As David Abrams, 63, was walking his dog, Gabe, on Thanksgiving morning, he came across graffiti at Rose Park. "Dear Jews stop pushing war with Russia," the message read.

It was written in two places on a black storage box near first base at the softball field at Rose Park in Northwest Washington.

Abrams, who is Jewish, said he was "disgusted, just totally, totally disgusted."

Not only is the park a part of Abrams's community, but he also lives across the street and is a member of the Friends of Rose Park board of directors.

Anti-Semitism is "happening here in D.C., and it's happening in our front yard," Abrams said.

He said he walked along 26th Street to the park a few minutes after 9 a.m. to talk with a neighbor who was also walking her dog.

An anti-Semitic message was found on a structure in Rose Park on Nov. 23, 2017, in Washington’s Georgetown neighborhood. (Bill O'Leary/The Washington Post)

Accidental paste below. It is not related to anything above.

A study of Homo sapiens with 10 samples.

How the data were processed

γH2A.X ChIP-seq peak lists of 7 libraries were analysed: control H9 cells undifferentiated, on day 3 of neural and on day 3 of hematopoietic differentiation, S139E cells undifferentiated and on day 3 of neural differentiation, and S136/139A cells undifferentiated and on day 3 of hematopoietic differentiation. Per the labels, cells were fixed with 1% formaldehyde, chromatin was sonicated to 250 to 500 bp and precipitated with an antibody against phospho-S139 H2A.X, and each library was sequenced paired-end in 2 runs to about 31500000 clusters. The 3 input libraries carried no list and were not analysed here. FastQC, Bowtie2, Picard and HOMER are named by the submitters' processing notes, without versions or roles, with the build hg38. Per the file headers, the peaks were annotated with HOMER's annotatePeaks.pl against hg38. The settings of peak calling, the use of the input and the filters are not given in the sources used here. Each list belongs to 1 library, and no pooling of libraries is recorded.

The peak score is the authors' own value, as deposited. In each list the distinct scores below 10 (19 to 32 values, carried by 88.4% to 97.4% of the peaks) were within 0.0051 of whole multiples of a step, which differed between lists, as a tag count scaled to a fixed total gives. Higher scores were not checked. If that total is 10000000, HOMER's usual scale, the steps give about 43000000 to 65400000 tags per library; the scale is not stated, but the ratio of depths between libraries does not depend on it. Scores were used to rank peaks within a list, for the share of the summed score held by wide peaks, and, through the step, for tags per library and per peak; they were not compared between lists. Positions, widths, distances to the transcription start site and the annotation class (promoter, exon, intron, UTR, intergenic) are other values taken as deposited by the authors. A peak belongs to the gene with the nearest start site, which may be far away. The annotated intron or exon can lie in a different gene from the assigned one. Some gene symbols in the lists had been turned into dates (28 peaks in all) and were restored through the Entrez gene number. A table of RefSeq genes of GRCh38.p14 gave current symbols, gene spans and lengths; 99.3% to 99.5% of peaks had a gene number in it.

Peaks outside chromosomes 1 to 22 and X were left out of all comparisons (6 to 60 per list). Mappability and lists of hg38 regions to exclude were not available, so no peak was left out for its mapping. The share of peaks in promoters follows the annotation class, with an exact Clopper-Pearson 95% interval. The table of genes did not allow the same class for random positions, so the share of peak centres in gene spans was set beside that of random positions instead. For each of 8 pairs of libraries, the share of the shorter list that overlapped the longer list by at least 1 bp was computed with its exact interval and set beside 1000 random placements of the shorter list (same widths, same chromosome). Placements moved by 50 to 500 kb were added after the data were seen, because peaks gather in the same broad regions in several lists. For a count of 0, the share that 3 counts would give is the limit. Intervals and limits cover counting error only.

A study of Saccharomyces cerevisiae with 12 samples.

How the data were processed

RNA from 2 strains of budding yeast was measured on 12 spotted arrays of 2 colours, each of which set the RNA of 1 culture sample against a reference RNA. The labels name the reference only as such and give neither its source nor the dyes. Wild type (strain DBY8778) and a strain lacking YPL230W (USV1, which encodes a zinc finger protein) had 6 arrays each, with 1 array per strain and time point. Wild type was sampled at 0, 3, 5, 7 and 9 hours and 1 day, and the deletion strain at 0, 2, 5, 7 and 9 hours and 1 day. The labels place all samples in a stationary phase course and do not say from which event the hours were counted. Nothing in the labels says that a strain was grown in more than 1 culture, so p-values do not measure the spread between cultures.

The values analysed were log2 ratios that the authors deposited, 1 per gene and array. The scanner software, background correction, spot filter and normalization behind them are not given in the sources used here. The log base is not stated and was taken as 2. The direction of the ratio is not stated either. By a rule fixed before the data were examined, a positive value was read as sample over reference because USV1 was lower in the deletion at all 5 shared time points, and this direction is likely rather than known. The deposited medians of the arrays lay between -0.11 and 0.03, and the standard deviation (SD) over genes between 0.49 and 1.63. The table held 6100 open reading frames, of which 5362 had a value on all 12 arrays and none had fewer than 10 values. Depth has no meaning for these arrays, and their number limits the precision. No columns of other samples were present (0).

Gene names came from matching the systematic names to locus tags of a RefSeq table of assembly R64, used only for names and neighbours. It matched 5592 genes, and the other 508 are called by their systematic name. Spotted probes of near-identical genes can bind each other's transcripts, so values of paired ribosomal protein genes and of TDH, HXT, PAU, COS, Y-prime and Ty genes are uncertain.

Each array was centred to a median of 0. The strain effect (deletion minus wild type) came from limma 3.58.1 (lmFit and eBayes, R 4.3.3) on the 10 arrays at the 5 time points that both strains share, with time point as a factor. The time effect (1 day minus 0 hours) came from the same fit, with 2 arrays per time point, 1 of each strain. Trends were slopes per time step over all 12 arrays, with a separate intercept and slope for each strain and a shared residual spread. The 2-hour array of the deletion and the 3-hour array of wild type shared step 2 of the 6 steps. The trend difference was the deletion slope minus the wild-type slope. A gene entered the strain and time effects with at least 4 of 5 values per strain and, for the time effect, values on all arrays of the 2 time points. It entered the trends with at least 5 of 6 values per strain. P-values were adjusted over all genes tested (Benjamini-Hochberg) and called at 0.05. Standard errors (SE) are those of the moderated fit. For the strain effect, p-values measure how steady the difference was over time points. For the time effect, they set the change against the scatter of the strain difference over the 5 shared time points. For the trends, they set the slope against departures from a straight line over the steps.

When he glanced at the box, he spotted the graffiti.

Abrams sent an email to local community members, Advisory Neighborhood Commission members, the D.C. Department of Parks and Recreation and the D.C. Department of General Services reporting the incident and asking that the graffiti be cleaned up.

Abrams's neighbor Oz Malkesman wrote back after seeing the email about the graffiti. He said he had stretched against a post facing the black storage box about 8:30 a.m. before going on a run and did not see anything on the box. Malkesman told Abrams it is unlikely that he would have missed the graffiti had it been there when he was stretching.

Abrams said: "The speculation is that it happened in broad daylight between 8:30 and 9:05."

Later in the day, Abrams reported the graffiti to the D.C. police, who created an incident report. Abrams said the police told him that the person who wrote the graffiti could be charged, if found, with a hate bias offense and defacing D.C. government property.

Jim Wilcox, a member of ANC 2E, said: "Obviously, everybody is opposed to graffiti, and we're even more opposed to anti-Semitic graffiti."

"We hope to eliminate the problem as soon as possible," Wilcox said.

The city's Department of General Services has created a work order to have the graffiti removed.

"I never thought I would live to see something like that," Abrams said.